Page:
LONDON — Last Saturday, Heythrop College in London hosted a city-wide scavenger hunt for incoming Fordham study abroad students. Fordham students and a smattering of undergraduates from other American universities were treated to the sights and sounds of Regent Street, the London Eye and Covent Garden. One group went as far as Buckingham Palace, where they felt obligated (rightfully so), to engage in the time-honored tourist tradition of bothering a guard for a picture. In this instance, however, the guard in question was not a tall, brightly colored, stiff-upper-lip photo-op with a funny hat. This officer was armed.
In response to the terrorist attacks at Charlie Hebdo in Paris in early January, the city of London is stepping up police presence at major landmarks such as Buckingham Palace and St. Pancras train station. In a turn of events that I found surprising, some of those officers are armed. Contrary to popular belief, a number of the police in the United Kingdom are allowed to carry weapons. However, the total number of authorized armed officers remains small, at just over 6,500 according to a 2012 survey. That amounts to about five percent of the total police force.
Advocates of unarmed U.K. police officers say that weapons would contradict the idea of “policing by consent.” The way the Metropolitan Police system works presently revolves around the belief that the police report primarily to the public, not the state. That is not just conjecture either. You notice it. From the perspective of an American student, one of the great things about London and one of the reasons I was attracted to studying abroad here, is that there is no language barrier.
Now, that may just sound like I am too lazy to take foreign language classes (and you are not completely wrong there), but the extra sense of familiarity acts as a foil that highlights the things that are different here. There is the obvious: yes, they drive on the opposite side of the road, and coins play a bigger part in everyday transactions than paper money. But there are also cultural differences that you do not really think about. People walk on the opposite side of the sidewalk.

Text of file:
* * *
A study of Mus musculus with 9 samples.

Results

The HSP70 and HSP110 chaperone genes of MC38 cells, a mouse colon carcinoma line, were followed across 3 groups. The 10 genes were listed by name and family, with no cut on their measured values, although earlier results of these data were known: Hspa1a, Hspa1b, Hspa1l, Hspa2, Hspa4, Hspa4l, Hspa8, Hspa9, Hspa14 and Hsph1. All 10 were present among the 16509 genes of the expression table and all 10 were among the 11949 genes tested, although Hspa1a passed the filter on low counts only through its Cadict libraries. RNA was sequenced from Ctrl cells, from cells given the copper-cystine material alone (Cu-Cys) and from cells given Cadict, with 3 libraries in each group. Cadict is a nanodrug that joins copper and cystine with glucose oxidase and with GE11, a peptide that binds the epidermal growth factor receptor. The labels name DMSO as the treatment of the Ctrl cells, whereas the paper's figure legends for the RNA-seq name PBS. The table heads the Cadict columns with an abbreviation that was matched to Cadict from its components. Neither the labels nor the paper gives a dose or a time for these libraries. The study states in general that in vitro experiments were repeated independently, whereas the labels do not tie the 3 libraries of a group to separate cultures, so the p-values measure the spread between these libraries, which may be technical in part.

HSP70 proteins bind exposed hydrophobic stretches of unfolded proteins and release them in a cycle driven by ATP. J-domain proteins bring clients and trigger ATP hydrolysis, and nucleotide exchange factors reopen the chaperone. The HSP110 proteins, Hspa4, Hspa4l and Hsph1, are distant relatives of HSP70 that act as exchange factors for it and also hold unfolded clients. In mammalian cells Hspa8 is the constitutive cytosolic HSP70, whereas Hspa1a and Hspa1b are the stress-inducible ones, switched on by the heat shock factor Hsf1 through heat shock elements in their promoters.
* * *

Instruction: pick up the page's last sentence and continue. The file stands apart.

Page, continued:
The Tube is cleaner than the subway, and the interior of the trains are color-coordinated with the line they are on, so they are easier to use as well. Also, I have never come across a logically laid-out British bathroom. I guess what I am saying is that while we may share a language with the U.K., the English are just as unique as any other place on earth.
With words like “militant,” “police,” and “gun control” continuing their steady march through the American consciousness, now is as good a time as any to take a closer look at how other countries decide to protect their citizens.
It is impossible to talk about politics or legislation without talking about morals, and while I am not suggesting any sort of wide scale adoption of foreign policing policies, I will say that observing and learning from others is one of the most valuable things a leader can do in an increasingly globalized world. The littlest eccentricities and differences make up the solutions to the greatest problems. Taking a page out of the Metropolitan Police’s book may not be a savior to the police issues the U.S. is facing, but it could be just what the public is waiting for. A start.
While some members of the scavenger hunt were at Buckingham Palace, I was trying to keep up amid the bustle of Piccadilly Circus in a valiant but ultimately fruitless attempt to ask a policeman for directions.
The officer was polite, helpful and, interestingly, unarmed.